Saturday, November 6, 2010

SpringOne 2010: Concurrent and Distributed Applications with Spring

I spent the second-last week of October at SpringOne 2GX 2010 in Chicago and I thought some of you might get something useful out of my notes. These aren’t my complete reinterpretations of every slide, but just things I jotted down that I thought were interesting enough to remember or look into further.

Concurrent and Distributed Applications with Spring
presented by Dave Syer

My favourite quote from this talk, and possibly from the whole conference, is one which I want to take back to my workplace and put into practice with avengeance:

Using single-threaded algorithms on 32-core machines is a waste of money

Dave also presented a really simple but useful definition of thread-safety:

Thread safety = properly managing concurrent access to shared, mutable state

Applying this definition, you can see there are three ways to tackle thread-safety: you can either eliminate mutability, or you can eliminate sharing or you can eliminate concurrency. Eliminating concurrency is the core aim of mutexs and locks, e.g. synchronized blocks. Eliminating mutability is one of the chief design idioms of functional programming.

On the topic of eliminating shared resources, Dave pointed towards the frequent use of ThreadLocal within the Spring Framework to associate unshared resources to individual threads. He made note of the potential for memory leaks with ThreadLocal, highlighting that, with the long-running threads in most servers, you have to ensure you clean each ThreadLocal up when you’re finished otherwise your data will hang around forever. (Sounds like going back to pairing new & delete!)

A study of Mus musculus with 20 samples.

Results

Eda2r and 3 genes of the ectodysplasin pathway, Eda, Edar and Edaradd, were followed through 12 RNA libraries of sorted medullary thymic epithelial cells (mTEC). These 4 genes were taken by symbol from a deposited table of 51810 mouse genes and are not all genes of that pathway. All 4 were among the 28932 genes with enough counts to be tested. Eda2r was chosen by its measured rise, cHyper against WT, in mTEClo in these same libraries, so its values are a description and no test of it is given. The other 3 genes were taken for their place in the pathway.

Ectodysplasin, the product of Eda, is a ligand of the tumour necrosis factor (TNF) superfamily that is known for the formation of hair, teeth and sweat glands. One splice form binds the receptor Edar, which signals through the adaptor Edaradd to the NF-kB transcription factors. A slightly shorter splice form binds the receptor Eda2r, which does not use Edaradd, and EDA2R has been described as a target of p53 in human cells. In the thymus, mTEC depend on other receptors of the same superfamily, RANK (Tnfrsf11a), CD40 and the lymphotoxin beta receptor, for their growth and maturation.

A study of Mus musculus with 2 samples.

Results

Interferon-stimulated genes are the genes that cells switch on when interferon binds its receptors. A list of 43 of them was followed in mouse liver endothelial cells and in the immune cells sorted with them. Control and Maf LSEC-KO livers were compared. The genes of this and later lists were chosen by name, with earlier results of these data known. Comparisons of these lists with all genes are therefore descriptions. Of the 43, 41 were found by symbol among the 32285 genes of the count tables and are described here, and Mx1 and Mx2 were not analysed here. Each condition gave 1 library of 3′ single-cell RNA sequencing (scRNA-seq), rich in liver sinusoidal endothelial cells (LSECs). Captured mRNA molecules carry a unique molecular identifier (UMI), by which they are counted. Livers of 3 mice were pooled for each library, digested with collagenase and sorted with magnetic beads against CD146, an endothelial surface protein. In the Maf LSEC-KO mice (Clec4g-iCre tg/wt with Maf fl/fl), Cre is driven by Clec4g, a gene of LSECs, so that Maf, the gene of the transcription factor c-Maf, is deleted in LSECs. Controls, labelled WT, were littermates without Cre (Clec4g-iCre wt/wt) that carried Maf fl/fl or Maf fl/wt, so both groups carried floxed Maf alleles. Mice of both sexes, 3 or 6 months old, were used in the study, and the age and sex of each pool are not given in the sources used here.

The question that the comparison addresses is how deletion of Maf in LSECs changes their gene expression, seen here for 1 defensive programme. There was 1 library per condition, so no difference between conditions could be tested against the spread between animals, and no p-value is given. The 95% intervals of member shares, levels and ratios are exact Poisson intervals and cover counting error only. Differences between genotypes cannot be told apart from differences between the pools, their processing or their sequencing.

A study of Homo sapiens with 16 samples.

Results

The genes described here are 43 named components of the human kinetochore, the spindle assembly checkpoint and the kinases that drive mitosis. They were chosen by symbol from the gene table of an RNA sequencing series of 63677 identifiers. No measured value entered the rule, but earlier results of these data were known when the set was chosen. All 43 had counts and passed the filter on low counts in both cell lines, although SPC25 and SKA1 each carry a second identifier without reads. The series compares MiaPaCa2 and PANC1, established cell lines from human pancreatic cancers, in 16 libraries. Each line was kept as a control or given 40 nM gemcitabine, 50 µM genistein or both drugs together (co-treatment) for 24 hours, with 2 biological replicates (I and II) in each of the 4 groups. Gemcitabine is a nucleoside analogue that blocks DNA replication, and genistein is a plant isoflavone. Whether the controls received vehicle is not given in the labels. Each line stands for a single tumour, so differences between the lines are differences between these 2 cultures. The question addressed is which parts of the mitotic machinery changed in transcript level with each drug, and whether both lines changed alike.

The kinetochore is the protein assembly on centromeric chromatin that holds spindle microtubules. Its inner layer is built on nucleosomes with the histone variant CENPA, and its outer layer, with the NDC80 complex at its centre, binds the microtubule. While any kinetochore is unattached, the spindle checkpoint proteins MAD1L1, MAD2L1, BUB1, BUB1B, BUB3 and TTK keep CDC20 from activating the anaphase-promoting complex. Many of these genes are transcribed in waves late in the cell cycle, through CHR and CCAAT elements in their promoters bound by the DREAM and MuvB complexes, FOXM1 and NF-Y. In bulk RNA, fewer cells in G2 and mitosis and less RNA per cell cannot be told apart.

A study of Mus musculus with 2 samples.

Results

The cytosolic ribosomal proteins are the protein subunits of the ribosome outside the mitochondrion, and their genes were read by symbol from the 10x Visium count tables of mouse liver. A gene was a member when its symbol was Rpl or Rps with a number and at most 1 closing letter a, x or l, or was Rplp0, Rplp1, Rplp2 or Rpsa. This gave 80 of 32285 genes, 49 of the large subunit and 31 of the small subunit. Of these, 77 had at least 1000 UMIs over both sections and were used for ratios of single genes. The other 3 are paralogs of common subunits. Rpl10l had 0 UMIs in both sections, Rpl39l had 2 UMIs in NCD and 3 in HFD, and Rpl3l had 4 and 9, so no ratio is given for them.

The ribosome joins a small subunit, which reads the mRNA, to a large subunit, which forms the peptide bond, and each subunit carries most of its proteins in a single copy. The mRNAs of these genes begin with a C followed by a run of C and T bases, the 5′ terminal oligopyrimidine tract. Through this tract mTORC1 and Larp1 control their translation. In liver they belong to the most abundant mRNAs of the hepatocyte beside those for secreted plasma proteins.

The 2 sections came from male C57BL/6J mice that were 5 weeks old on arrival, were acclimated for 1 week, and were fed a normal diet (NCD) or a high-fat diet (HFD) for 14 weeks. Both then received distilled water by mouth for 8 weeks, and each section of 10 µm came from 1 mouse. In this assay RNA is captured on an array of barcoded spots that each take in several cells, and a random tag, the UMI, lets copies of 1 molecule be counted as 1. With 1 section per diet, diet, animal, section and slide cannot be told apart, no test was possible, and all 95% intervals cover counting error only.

Dave talked about a method on ExecutorService that I've never used before called invokeAny() that will execute every task in a given list of tasks concurrently (assuming a multi-threaded ExecutorService implementation) and return the result of the first one to complete. The remainder of the tasks are interrupted. I imagine where you might use this is if you have a situation where you have two or three different algorithms, each of which can outperform the other two for certain structures of data, but where the most efficient algorithm for a given individual input can't be (easily) determined before execution. So, on a many-multi-core machine, you have the option of just running all three against the same data, taking the result from the first algorithm to complete and killing the others.

Dave briefly discussed an emerging (I think?) pattern for concurrency called Staged Event-Driven Architecture or SEDA.

He mentioned that Spring Integration 2.0 (RC1 released Oct 29) includes support for transactional, persistent message queues.

He highlighted the difference between between a distributed Applications (running the same binary on multiple nodes) and a distributed Systems (running related, communicating applications across multiple nodes). He said that it was wise to prefer looser coupled messaging architectures for distributed Systems because of the likelihood of unsynchronised release cycles.